Manatee population rising in some regions, likely stalled or declining in others

August 04, 2004

Manatee populations are growing at healthy rates in two of four regions off Florida's coast, but may be stalled or declining in the remaining regions, according to a recently released report by the U.S. Geological Survey.

In three USGS-led studies — the first comprehensive population analysis published in 9 years — scientists documented survival, reproduction, and population growth rates of the endangered Florida manatee. The Florida Fish and Wildlife Conservation Commission, Mote Marine Laboratory, and the Florida Park Service collaborated in the research, published in the July issue of the journal Marine Mammal Science.

Population-Growth Rates

"Over the past 10 years, the annual population growth rate in two of the regions is healthy, one region appears to be declining, and one region is probably holding steady. That's what the science says," Michael Runge, lead scientist for the USGS said. "We estimate that manatee populations in the Northwest and Upper St. Johns River regions have been growing annually at 3.7 percent and 6.2 percent, respectively. These estimates are in line with previous studies and, leaving a margin for error, suggest healthy growth of those populations."

The report concludes that the estimated annual growth rate for the population in Florida's Atlantic region is 1.1 percent, but the margin of error in this estimate is large enough that it is possible the population is stable or slightly declining. In the Southwest region, the estimated population growth rate is negative (-1.1 percent per year); however, the margin of error in this estimate is larger than in the other regions.

"The estimates for the Atlantic and Southwest are of concern, because these regions make up most of the manatee population," said Runge.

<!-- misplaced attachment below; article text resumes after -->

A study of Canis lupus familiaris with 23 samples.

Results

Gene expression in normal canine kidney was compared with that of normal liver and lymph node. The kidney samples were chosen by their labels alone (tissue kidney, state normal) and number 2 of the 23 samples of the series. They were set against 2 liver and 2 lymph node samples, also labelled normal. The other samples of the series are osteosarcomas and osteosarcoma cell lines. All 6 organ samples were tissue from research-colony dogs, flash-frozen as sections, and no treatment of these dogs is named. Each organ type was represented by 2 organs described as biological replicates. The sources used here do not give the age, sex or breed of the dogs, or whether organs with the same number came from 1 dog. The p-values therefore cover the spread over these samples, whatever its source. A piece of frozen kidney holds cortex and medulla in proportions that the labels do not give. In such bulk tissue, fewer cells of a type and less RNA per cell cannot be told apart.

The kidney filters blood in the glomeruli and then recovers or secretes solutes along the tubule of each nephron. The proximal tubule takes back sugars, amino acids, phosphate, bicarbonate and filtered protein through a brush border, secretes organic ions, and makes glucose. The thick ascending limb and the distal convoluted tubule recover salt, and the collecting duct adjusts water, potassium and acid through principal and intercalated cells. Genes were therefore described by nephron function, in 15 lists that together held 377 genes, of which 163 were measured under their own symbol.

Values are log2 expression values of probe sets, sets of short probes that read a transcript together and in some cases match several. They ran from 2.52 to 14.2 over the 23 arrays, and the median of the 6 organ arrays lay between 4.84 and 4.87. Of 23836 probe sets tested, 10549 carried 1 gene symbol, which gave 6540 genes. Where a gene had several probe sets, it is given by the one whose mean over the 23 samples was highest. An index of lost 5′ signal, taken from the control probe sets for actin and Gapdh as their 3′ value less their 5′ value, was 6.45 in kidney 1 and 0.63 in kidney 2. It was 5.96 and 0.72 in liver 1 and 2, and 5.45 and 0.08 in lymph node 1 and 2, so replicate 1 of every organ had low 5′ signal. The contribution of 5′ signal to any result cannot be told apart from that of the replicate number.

These findings estimate annual population growth rates over the past decade, using survival and reproductive rates from the two companion studies. The modeling work indicates that these growth rates are largely driven by adult survival, which has implications for both monitoring and management.

"First, we need better estimates of adult survival, especially in the Atlantic and Southwest regions; this involves a strong commitment to the continuation of long-term monitoring," Runge said. "Second, recovery of the species may largely depend on achieving and maintaining high adult survival rates."

Survival Rates

One companion study, led by USGS scientist Catherine Langtimm, estimated survival rates of adults and calves. Every year, scientists from several federal, state, and private agencies photograph individual manatees. Many manatees can be uniquely identified by their scar patterns, and this identification provides the information to estimate survival rate in a statistically sound manner. The estimated annual adult survival rates over the last decade were 95.6 percent in the Northwest region, 96 percent in the Upper St. Johns River region, 93.7 percent in the Atlantic region, and 90.8 percent in the Southwest region.

"Field efforts by the Florida Fish and Wildlife Conservation Commission and the Mote Marine Laboratory over the years have allowed us to estimate survival rates in the Southwest for the first time," said Langtimm. "While this monitoring achievement is exciting, the survival rates themselves are disappointing in the Southwest."

Langtimm and collaborators were also able to make formal statistical estimates of calf survival for the first time. In the Upper St. Johns River region, the only region where scientists could reliably identify calves, annual survival rates were 81 percent for first-year calves and 92 percent for second-year calves.

Reproduction Rates

The other companion study, led by USGS scientist William Kendall, estimated manatee reproductive rates from photo-identification data in the Northwest and Atlantic regions. When field personnel take photographs, they record whether a female is with a first-year calf. Because scientists can identify individual adult females from scar patterns, they can reconstruct the female's reproductive history and estimate reproductive rates. Kendall and colleagues found that adult females in the Northwest region without a dependent first-year calf have a 43 percent probability of producing a calf over the next year; this probability is 38 percent in the Atlantic region. Similar estimates are not yet available for the Upper St. Johns River or Southwest regions. Scientists expect that this new analytical method is applicable to a large number of marine mammal populations.